The Fair Work Commission has rejected a sex worker’s unfair dismissal claim against a brothel.
The worker claimed the company employed her as a casual employee and sacked her when she complained about health and safety.
However, the Commission found the brothel did not employ the woman.
Instead, it found she was engaged as an independent contactor, and therefore, not entitled to protection from unfair dismissal.
The Top Of The Town brothel is licenced to provide 11 booking rooms in Melbourne.
The venue provides booking, introduction, accommodation and related support and statutory services to sex workers.
In return, the sex workers provide services to customers as sole traders.
In this case, the sex worker had been working at Top Of The Town since August 2019.
She told the Commission she attended an interview and signed a contract at the start of her employment.
However, she was unable to provide a copy of the contract and nor did she recall the terms of any such contract.
Events leading to ‘termination’
In November 2021, the worker suffered an injury which she blamed on the venue’s unsafe hygiene practices.
After a stint in hospital, she returned, but remained in pain and unable to offer penetrative sex to her clients.
She told the Commission that she became increasingly concerned about certain health and safety issues in the workplace which she raised with the head receptionist.
With the issues left unaddressed, and after a series of exchanges with the management, she said she felt “saddened, frustrated, stressed and concerned.”
Due to the head receptionist’s “dismissive” attitude about the issues she raised, the worker allegedly called the latter a “disgusting piece of shit.”
When she left the establishment, she received a text message from the staff phone number informing her that “there were no more shifts available” for her.
But after clarifying if she was to complete her rostered shift that night, she was advised that she had “no more shifts” and could only attend to pick up her belongings.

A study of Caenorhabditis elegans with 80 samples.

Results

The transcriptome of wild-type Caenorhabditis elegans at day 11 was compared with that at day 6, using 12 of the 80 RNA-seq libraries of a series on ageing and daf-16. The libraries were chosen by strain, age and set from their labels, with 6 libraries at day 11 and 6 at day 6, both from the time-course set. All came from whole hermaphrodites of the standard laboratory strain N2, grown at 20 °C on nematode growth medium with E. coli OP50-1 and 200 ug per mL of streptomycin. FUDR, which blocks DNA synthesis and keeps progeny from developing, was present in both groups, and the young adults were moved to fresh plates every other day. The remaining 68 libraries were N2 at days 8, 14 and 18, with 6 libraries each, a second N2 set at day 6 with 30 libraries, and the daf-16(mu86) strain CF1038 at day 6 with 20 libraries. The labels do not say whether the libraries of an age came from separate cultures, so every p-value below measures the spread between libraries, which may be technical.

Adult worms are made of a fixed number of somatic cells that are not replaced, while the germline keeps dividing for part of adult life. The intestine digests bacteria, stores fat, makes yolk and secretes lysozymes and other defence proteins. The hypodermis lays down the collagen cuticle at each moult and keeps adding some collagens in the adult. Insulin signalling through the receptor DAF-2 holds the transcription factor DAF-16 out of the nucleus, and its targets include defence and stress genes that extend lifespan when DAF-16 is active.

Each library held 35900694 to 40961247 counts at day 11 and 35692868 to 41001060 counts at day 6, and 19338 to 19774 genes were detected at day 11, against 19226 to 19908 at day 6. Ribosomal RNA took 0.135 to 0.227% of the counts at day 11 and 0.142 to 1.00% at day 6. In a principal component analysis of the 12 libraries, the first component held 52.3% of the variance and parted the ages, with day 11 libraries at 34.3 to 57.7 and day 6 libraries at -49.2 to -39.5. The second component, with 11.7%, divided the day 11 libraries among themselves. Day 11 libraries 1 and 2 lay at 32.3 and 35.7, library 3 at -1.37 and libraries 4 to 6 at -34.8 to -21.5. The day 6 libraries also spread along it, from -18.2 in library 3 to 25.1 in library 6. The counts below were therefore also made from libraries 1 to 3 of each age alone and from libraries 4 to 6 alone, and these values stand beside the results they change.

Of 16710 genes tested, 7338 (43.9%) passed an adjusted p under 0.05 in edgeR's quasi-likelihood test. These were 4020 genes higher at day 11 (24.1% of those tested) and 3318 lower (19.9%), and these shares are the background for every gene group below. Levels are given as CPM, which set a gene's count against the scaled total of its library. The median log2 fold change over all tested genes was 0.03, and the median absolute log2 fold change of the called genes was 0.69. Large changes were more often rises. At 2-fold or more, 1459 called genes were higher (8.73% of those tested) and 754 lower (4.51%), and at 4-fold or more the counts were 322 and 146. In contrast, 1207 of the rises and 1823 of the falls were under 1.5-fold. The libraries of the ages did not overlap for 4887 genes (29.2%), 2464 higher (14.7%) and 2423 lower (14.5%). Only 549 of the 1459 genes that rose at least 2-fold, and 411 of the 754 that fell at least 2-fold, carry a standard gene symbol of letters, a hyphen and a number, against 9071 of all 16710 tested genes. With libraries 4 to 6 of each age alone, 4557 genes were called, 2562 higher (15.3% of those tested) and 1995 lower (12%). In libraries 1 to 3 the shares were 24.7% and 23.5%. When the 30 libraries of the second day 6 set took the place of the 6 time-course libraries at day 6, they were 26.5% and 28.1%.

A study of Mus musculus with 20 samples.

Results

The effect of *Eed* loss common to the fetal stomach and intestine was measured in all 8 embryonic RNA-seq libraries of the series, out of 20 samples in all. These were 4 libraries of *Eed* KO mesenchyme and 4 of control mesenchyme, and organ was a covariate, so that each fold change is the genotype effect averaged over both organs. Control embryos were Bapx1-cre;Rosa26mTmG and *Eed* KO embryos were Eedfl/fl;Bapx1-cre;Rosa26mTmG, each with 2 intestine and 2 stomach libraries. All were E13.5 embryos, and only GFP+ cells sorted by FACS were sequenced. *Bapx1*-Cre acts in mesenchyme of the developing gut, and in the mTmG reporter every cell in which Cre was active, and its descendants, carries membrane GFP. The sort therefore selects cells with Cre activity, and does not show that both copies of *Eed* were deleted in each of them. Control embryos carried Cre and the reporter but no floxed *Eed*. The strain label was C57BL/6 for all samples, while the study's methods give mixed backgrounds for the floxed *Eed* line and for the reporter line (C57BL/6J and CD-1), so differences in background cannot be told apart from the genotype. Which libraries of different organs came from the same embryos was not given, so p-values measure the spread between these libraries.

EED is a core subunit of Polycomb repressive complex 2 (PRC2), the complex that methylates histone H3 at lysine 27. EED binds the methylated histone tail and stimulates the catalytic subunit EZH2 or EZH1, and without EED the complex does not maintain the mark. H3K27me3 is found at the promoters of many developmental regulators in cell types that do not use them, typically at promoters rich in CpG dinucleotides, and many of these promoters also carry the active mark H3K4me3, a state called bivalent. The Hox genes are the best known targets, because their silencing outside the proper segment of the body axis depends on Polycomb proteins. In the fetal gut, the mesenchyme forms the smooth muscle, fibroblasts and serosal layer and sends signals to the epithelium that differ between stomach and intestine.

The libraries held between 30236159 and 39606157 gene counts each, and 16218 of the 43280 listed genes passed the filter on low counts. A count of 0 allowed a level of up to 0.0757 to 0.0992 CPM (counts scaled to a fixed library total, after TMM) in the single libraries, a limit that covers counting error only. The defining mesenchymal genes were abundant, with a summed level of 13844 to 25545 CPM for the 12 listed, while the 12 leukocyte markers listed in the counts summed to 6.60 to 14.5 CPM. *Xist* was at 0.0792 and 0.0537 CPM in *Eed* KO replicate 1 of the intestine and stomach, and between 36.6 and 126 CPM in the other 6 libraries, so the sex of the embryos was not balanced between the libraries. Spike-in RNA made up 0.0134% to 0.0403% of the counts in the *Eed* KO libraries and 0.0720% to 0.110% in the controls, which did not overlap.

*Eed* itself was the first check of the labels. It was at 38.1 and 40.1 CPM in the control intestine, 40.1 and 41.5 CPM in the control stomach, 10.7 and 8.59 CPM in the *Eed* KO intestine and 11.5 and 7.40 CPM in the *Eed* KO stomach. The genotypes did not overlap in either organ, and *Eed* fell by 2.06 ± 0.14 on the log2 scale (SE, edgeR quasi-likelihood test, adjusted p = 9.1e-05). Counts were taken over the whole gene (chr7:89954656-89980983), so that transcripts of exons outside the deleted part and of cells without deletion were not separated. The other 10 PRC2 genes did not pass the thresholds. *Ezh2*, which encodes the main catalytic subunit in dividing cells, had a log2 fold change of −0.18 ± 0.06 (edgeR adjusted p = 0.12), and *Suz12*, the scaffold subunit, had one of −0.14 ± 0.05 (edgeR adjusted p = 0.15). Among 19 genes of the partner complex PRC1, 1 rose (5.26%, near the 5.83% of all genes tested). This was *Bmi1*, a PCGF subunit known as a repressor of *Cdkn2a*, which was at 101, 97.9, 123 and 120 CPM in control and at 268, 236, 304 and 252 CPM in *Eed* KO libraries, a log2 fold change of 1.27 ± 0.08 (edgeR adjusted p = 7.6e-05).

The worker then filed an unfair dismissal application, saying there were no warnings, and she was not notified about her behaviour or performance.
Deputy President Amber Millhouse found “no financial relationship” existed between the parties.
The client pays the establishment the cost of the room hired and then pays the worker the agreed fee for services rendered.
Essentially, the establishment only provides administrative assistance to the worker.
Ms Millhouse also noted the worker had “the right to refuse bookings and negotiate the prices and types of services with each client”.
She said this kind of discretion is not available in employment relationships.
Additionally, Ms Millhouse found the worker had the right to:
- request to undertake shifts at her discretion;
- decline to perform a shift at any point prior to its commencement;
- refuse to provide services to any client at any point; and also
- charge different amounts and adjust her services for each client.
Ultimately, Ms Millhouse found the worker was an independent contractor, not an employee, so the unfair dismissal remedy was unavailable to her.
Industrial advocate Miles Heffernan said the case highlights the importance of expert advice.
“Workers who believe they have been unfairly dismissed from employment should seek urgent expert advice,” he said.
“We have extensive experience filing successful unfair dismissal claims for our clients.
“We know dismissal laws intimately and can offer confidential advice to a worker of their best options before they go through the process of making a claim.”